It is June and there are drifts of glory in my front yard. Unlike the uniform parcels of well-disciplined turf belonging to my neighbors, the variety of privileged plants that represent my unconventional lawn have formed a living map of ecological coexistence—and all with my approval.
Beneath the topsoil imposed by the developer, their roots explore the ancient heritage of weathered rocks and mellow volcanic soil and make some choices. Each in season displays its badge of triumph with its own parade of color and texture.
Jostling for space, the grass has given way in some places to a brocaded carpet of buttercups and patches of clover. Seeds of English daises, scattered inadvertently by passing birds, have elbowed their way into niches and claimed space. Purple violets whose seeds were catapulted from the flower border have adjusted to the hazards of weekly mowing and produce blossoms that comply.
Across this varied carpet, an ancient oak and white-barked birches splash shadows in a compass ark, and the games go on.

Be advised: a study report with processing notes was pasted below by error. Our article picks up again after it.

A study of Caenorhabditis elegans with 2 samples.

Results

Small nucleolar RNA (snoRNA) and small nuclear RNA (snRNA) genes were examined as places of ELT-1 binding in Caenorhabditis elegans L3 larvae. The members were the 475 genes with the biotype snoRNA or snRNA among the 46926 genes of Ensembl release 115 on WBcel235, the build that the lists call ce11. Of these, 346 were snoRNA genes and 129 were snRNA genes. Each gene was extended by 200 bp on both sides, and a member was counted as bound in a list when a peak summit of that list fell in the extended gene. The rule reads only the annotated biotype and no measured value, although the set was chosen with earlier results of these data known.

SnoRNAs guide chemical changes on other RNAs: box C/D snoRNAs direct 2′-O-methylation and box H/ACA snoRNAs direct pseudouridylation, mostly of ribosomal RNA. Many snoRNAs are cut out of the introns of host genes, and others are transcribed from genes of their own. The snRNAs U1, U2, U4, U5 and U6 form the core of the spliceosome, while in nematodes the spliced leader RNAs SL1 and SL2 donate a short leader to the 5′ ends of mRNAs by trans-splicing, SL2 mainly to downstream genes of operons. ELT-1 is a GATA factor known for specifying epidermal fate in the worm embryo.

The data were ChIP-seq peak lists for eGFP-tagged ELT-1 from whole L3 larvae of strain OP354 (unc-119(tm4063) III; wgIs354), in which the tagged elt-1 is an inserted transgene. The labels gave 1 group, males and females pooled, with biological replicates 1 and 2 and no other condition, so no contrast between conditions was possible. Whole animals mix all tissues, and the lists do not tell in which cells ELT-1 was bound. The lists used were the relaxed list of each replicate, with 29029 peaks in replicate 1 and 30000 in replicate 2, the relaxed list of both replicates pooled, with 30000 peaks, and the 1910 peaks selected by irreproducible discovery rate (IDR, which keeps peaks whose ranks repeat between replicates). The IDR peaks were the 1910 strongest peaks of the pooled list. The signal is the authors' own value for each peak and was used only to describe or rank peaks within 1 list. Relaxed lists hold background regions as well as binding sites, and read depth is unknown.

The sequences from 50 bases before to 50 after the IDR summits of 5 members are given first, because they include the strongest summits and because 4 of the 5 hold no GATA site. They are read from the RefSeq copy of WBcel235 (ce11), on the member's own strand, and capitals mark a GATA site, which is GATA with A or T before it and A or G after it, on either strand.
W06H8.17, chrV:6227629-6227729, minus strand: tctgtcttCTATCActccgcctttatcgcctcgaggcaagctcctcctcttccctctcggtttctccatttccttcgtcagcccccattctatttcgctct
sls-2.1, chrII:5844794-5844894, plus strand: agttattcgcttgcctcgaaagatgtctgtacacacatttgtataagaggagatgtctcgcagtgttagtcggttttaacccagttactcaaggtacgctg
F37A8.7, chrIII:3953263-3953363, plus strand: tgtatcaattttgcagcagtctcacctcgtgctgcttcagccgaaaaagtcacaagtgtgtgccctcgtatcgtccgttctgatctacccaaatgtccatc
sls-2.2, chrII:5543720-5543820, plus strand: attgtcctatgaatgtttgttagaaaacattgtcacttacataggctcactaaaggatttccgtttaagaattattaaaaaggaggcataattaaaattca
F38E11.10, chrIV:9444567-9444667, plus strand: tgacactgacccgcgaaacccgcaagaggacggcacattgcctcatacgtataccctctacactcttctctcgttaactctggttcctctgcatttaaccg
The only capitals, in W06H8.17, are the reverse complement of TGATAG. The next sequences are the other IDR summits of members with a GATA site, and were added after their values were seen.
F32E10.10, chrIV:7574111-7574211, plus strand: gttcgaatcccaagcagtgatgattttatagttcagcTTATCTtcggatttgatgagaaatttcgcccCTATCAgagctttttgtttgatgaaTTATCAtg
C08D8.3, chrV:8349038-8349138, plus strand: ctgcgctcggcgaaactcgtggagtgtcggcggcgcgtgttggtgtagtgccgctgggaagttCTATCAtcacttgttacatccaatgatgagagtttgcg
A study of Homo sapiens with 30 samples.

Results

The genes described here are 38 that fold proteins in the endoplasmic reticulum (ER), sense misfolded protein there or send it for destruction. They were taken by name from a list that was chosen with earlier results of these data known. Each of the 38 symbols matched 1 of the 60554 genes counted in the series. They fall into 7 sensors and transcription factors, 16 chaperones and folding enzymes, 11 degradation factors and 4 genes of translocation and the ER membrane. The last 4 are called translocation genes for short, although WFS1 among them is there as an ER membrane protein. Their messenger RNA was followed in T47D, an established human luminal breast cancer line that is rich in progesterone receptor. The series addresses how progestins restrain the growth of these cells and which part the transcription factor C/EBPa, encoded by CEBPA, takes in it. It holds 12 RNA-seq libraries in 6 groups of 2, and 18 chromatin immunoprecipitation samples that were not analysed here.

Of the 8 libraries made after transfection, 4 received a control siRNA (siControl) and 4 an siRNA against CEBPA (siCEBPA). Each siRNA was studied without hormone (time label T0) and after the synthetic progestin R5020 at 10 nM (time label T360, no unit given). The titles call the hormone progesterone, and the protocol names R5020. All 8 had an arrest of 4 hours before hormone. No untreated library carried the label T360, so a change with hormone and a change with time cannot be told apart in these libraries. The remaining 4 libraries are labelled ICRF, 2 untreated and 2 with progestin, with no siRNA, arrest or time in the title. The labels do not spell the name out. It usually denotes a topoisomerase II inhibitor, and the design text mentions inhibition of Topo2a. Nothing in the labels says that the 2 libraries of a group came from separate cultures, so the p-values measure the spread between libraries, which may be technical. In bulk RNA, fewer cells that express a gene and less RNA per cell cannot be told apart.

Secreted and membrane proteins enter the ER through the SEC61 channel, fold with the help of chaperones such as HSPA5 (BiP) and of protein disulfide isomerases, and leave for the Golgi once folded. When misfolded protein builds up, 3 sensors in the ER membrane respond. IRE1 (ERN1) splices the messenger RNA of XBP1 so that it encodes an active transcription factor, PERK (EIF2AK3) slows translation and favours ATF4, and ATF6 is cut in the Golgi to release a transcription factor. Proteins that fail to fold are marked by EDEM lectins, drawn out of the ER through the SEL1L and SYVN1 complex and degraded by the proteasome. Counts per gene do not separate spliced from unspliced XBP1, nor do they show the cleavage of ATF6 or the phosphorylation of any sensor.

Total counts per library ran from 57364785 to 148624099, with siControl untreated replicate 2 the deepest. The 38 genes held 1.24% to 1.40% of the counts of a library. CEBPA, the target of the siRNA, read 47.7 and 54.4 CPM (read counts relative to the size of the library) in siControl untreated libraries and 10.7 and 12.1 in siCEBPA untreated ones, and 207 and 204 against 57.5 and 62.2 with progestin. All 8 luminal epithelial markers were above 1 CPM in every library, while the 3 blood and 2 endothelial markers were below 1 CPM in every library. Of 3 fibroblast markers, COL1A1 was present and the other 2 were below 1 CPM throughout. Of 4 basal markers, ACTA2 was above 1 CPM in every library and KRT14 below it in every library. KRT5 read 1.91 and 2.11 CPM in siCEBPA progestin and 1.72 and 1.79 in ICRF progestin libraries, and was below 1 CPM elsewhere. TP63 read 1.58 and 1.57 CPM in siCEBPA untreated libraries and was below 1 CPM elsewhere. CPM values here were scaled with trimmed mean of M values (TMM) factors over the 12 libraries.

It is June and the buttercups are on parade with each of their golden blossoms poised identically on two-inch stems.
Among the weeds that eluded me this summer, were a half dozen thrifty, long stemmed dandelions (Agoseris glauca) that came uninvited into the garden that I share with the whims of sea and weather.
As soon as I saw them, by gardener’s code I resolved to expel them. They defeated me by sending out a shower of golden stars on tall, delicate stems—each a small miracle back-lit by the morning sun. I caught my breath in wonder.
“Later” I said, “before they scatter their seeds, but later.”
Then too soon they changed into myriads of pale balloons untangling their individual parachutes on the breeze.
While I watched, a swoop of small brown birds (pine siskins, I think) chirping their jubilance, gobbled them up for breakfast.
I hope that they left at least a few seeds to grow in my garden next year.